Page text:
Fear of missing out is driving Melbourne homebuyers to stump up “ridiculous” amounts of cash to snap up homes before auction.
But experts warn it’s a strategy fraught with risk and could lead to buyers paying too much.
Wakelin Property Advisory director Jarrod McCabe said he’d seen more buyers offering big bucks to secure a home before auction in Melbourne’s red hot post-lockdown market.
CoreLogic figures show sales prior to auction peaked in mid February, with almost half of properties sold before making it under the hammer.
They also hit 63.6 per cent in the final week of March last year when the first lockdown was announced, and 51 per cent in July about the time of the second lockdown.
An analysis of realestate.com.au data found 86 per cent of homes listed for auction last month sold — the highest clearance rate since the start of the pandemic.
CoreLogic commercial property research analyst Eliza Owen said pre-auction sales jumped each time a lockdown was announced.
“The spike in properties sold prior to auction occurs over recent periods of restrictions we’ve seen introduced in Melbourne that occur due to COVID-19,” Ms Owen said.
The ban on gatherings and halt on house inspections prompted agents to actively seek buyers before the big day, she said.
But Mr McCabe said he was seeing more buyers frustrated by low listings dig deep to make an offer — often unsuccessfully — to try to secure a home before it went under the hammer.
Vendors were often open to pre-auction bids, particularly if the price and the settlement conditions were right.
But he said buyers risked “losing control” of the sale process and could end up paying more than they needed to buy the home.
“You definitely see in a rising market that buyers start to get a little edgy and FOMO (fear of missing out) starts to kick in. You really see it in buyers who have missed out two or three times and are getting frustrated,” Mr McCabe said.
“We’re always a little hesitant to put offers before auctions because as a buyer you can lose control. If you go to an auction you get to control how often you bid, how much you bid. It gives you the transparency that you’re not paying tens of thousands of dollars more than what the market is willing (to pay for that home).”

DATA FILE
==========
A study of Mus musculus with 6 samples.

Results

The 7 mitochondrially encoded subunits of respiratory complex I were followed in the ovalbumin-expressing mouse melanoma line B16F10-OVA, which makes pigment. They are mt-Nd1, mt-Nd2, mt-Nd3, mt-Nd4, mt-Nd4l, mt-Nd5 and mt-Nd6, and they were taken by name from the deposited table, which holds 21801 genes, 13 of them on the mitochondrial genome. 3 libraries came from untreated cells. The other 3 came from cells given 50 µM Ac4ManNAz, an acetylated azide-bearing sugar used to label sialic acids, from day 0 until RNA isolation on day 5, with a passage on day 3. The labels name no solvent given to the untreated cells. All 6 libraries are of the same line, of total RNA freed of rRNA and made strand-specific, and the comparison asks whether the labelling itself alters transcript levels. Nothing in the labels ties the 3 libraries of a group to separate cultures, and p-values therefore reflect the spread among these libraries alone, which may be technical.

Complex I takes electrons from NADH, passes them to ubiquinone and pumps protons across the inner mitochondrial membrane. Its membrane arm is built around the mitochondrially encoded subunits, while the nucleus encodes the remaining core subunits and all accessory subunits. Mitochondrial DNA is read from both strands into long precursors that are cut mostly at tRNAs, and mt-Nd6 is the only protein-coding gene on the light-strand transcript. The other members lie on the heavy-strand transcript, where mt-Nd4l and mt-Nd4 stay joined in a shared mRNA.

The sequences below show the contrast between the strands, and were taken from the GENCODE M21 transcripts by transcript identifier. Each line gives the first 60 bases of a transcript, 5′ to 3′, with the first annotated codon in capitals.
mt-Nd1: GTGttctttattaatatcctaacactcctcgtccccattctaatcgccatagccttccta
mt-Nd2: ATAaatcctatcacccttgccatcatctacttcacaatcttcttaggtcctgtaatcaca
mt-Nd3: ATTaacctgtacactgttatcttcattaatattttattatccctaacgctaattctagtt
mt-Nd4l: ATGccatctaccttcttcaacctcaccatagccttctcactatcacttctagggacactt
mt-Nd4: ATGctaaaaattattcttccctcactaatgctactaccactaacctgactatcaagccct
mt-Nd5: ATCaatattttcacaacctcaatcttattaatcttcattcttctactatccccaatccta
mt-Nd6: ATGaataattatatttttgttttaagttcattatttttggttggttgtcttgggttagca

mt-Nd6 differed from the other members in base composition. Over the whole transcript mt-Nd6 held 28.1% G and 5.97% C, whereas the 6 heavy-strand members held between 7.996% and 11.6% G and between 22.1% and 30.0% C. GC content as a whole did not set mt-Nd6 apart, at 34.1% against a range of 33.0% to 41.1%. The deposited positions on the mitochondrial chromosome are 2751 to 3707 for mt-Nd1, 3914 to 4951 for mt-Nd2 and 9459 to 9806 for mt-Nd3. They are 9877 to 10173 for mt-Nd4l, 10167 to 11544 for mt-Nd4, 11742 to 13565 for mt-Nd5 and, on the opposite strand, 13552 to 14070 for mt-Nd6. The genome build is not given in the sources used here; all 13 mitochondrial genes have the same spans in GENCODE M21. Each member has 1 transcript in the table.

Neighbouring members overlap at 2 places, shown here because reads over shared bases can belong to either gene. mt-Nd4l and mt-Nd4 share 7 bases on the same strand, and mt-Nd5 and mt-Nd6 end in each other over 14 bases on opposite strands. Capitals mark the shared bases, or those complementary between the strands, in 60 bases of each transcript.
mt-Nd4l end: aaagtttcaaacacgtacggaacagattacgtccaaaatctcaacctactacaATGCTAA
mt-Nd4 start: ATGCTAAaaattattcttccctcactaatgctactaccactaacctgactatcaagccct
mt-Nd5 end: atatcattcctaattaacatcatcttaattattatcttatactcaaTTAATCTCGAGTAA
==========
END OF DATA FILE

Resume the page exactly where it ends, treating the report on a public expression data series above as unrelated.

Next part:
Miriam Sandkuhler, chief executive and property advocate at Property Mavens, said less vendors were selling before auction now because they knew low listings and big buyer demand meant market conditions were skewed in their favour.
Making an offer before auction could work for buyers who had no wriggle room to go over their budget on auction day and were worried about being outbid.
She said one of the main reasons a property sold before auction was if the vendor wanted a quick sale to finalise a divorce settlement, offload a deceased estate or to avoid the stress of auction day and open for inspections.
The other reason came down to the buyer simply paying too much, she said.
“Properties sell before auction if the vendor’s receptive to an offer before auction and if the buyer’s willing to pay a ridiculous price,” Ms Sandkuhler said.
“Usually it’s an emotional reason to sell before auction or quite frankly someone paying stupid money.”
Mr McCabe said vendors benefited from a pre-auction offer because it gave them certainty about the sale price of a home, while at auction the sale price could fall higher or lower.
But he said current market conditions meant it was a good idea for vendors to consider staying the course and taking the house to auction.
“Vendors who don’t need to sell would be wise to let the auction play out,” he said.
When it comes to selling before auction, Tien Nguyen said he’ll be guided by professional advice.
The young dad is helping his mum, Kim, sell his childhood family home at 146 Mills Street, Altona North, and he said he trusted their agent, Ben Nguyen of Create Real Estate, to help them make the call on the best course of action.
“My mum wanted to keep the house so that we could build a home and have one house each. But now my grandmother is overseas and she’s sick and my mum is going to fly back to Vietnam to be with her,” Mr Nguyen said.
“If someone offers a high price, obviously we would take the offer before auction.”
Mr Nguyen said it was sad to see the home go and he’d miss their neighbours, who his family had grown close with.
But he said the new buyers would love the area, which had good access to schools and shops.
“We really love the area, we love the neighbours. The area is very peaceful, there’s no crime whatsoever.”
The family’s home will hit the market in the next few weeks, with an auction date to be set for late April. A price guide is yet to be set.